Jaime de Armiñán

Jaime de Armiñán
Jaime de Armiñán 2014.jpg
Jaime de Armiñán in 2014
Born (1927-03-09) 9 March 1927 (age 91)
Madrid, Spain
OccupationFilm director
Years active1961–present

Jaime de Armiñán (born 9 March 1927) is a Spanish screenwriter and film director. His films have been nominated for Academy Awards in the Foreign language film category twice, in 1972 for Mi querida señorita[1] and in 1980 for El Nido.[2]

His 1974 film El amor del capitán Brando was entered into the 24th Berlin International Film Festival.[3] His 1985 film Stico was entered into the 35th Berlin International Film Festival, where Fernando Fernán Gómez won the Silver Bear for Best Actor.[4] In 1994, his film Al otro lado del Túnel was entered into the 44th Berlin International Film Festival.[5]


Jaime de Armiñán was born on 9 March 1927 in Madrid within a family of artist, politicians and writers. He studied law at Universidad Complutense de Madrid. After graduating as a lawyer, Armiñán began writing articles for such magazines as Fotos and Dígame.

In the 1950s, he established himself as an award-winning playwright whose best known works include Eva sin Manzana (Eve Without the Apple) (1953), Nuestro fantasma (1956) (Our Ghost) and Café del Liceo (Cafe of the Opera). Armiñán joined the television industry in 1959 when he was hired by Radiotelevisión Española, and soon developed a reputation as one of television most distinctive writer/directors, thanks to such series as Galeria de Maridos (1959) and Las Doce Caras de Juan (1967). During this period, Armiñán was also building a career as a screenwriter. He soon established himself as one of the most successful and prolific screen writers, contributing with scripts most notably to José María Forqué, one of the most commercial popular directors of the day. Among his scripts credits during this time are : El Secreto de Mónica (Monica’s Secret) (1961), El juego de La verdad (The game of Truth) (1963),and El diablo bajo la Almohada (The devil under the Pillow).

As the natural progression in his work in films, Armiñán moved to become a film director. He made his debut as director with his own scripts in 1969 with Carola de día, Carola de noche, (Carola by day and by night ), a project tailor made to revive the sagging career of former child star, Marisol who, at age 21, was starring her first role as an adult. This was followed by the equally forgettable: La Lola dicen que no vive sola (1970) (Lola does not live alone), a comedy about a prostitute who promises to Virgin Mary not to have sex again if her daughter recovers from an illness to the disappointment of the men around her. While this first two directorial attempts came and went with little notice, Armiñán won acclaim with his third effort: Mi Querida Señorita (My dearest Señorita) (1971) a project developed out of a collaboration with José Luis Borau. The film, starring the popular Spanish actor José Luis López Vázquez, tells the story of a repressed provincial spinster who late in life discovers that she is really a man and moves to the city to explore his new sexual identity. Mi Querida Señorita was a critical and popular success and was nominated in 1972 for the Oscars in the Foreign Language film category.

After the comedy Un casto varón español (1973), Armiñán made El amor del Capitan Brando (1974) (The Love of Captain Brando) a film that follows with sensitivity the relationship of Aurora, a young school teacher, with two men of opposite generations who fall in love with her: Fernando, a middle age republican exile, and Juan, a thirteen year old boy who enjoys playing acting in Westerns. El amor del Capitan Brando was a big commercial success. During the post Franco period, Armiñán sought ways to express both his political and social themes, but with varying degree of success. Nunca es tarde (1977) (Never too Late) recounts in parodied fashion the miraculous pregnancy of a woman in her eighties through her mystical identification with a young male neighbor whom she claims is the child’s spiritual father. A more pointed narrative of sexual and political repression comes through in Al servicio de la mujer española (At The service of the Spanish Woman) (1978), which parodies with black humor the puritanical sexual values of the francoist culture that outlived the regime and continued to shape provincial life.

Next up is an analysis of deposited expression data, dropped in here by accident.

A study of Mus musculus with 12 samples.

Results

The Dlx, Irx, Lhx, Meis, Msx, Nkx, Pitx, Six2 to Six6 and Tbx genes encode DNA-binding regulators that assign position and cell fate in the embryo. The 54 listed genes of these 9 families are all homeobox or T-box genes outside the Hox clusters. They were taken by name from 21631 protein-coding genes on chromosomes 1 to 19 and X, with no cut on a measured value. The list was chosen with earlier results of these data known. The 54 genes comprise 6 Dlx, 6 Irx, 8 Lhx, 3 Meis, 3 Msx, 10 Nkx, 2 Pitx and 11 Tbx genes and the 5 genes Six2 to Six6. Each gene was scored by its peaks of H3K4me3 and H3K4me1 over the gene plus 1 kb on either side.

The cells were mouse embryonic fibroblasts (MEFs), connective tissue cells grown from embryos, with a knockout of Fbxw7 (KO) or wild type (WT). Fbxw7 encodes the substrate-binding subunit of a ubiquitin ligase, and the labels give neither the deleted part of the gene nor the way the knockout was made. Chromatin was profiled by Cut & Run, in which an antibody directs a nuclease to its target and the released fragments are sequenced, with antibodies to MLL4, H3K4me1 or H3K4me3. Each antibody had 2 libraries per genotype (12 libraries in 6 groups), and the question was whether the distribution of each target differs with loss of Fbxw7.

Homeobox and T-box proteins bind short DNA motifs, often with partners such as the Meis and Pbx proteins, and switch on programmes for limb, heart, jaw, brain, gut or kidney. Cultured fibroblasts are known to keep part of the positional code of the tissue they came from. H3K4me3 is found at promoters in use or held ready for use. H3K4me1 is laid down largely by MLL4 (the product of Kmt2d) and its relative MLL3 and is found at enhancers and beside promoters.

Armiñán most acclaimed film of this period is El Nido (The Nest) (1980) which depicts the tragic consequences of the infatuation of an aging widower (Hector Alterio ) for an adolescent girl played by Ana Torrent. While seemingly only to portrait the details of an autumn spring romance, the film exposes the dominance of Spanish women. The young girl who fation herself on Lady Macbeth, and the ambivalence of Spanish men who are controlled by matriarchal power. Ana Torrent won the best actress award at the Montreal film festival for her performance, and the film was also nominated for an Oscar that year; this was Armiñán second nomination.

Armiñán's filmography over the next fifteen year remained notably slender, largely due to his return to television and his highly successful scripting of several dramatic series. One of the few films he made during this period, La Hora Bruja (The Witching Hour) (1985) is noteworthy for its strong dramatic performances by Francisco Rabal, Concha Velasco and Victoria Abril in an amorous narrative involving the activities of a lascivious traveling magician. Al otro lado del Tunel (The Other Side of the Tunnel) (1994), presents a similar story of passion and old age, this time with the amorous pair constituted by Maribel Verdu and Fernando Rey.

In 2008 Armiñán returned to directing films with 14, Fabian Road, starring Argentinian actress Julieta Cardinali, Ana Torrent and Ángela Molina.

Jaime de Armiñán was married to Elena Santonja, a popular TV presenter. The couple had three children.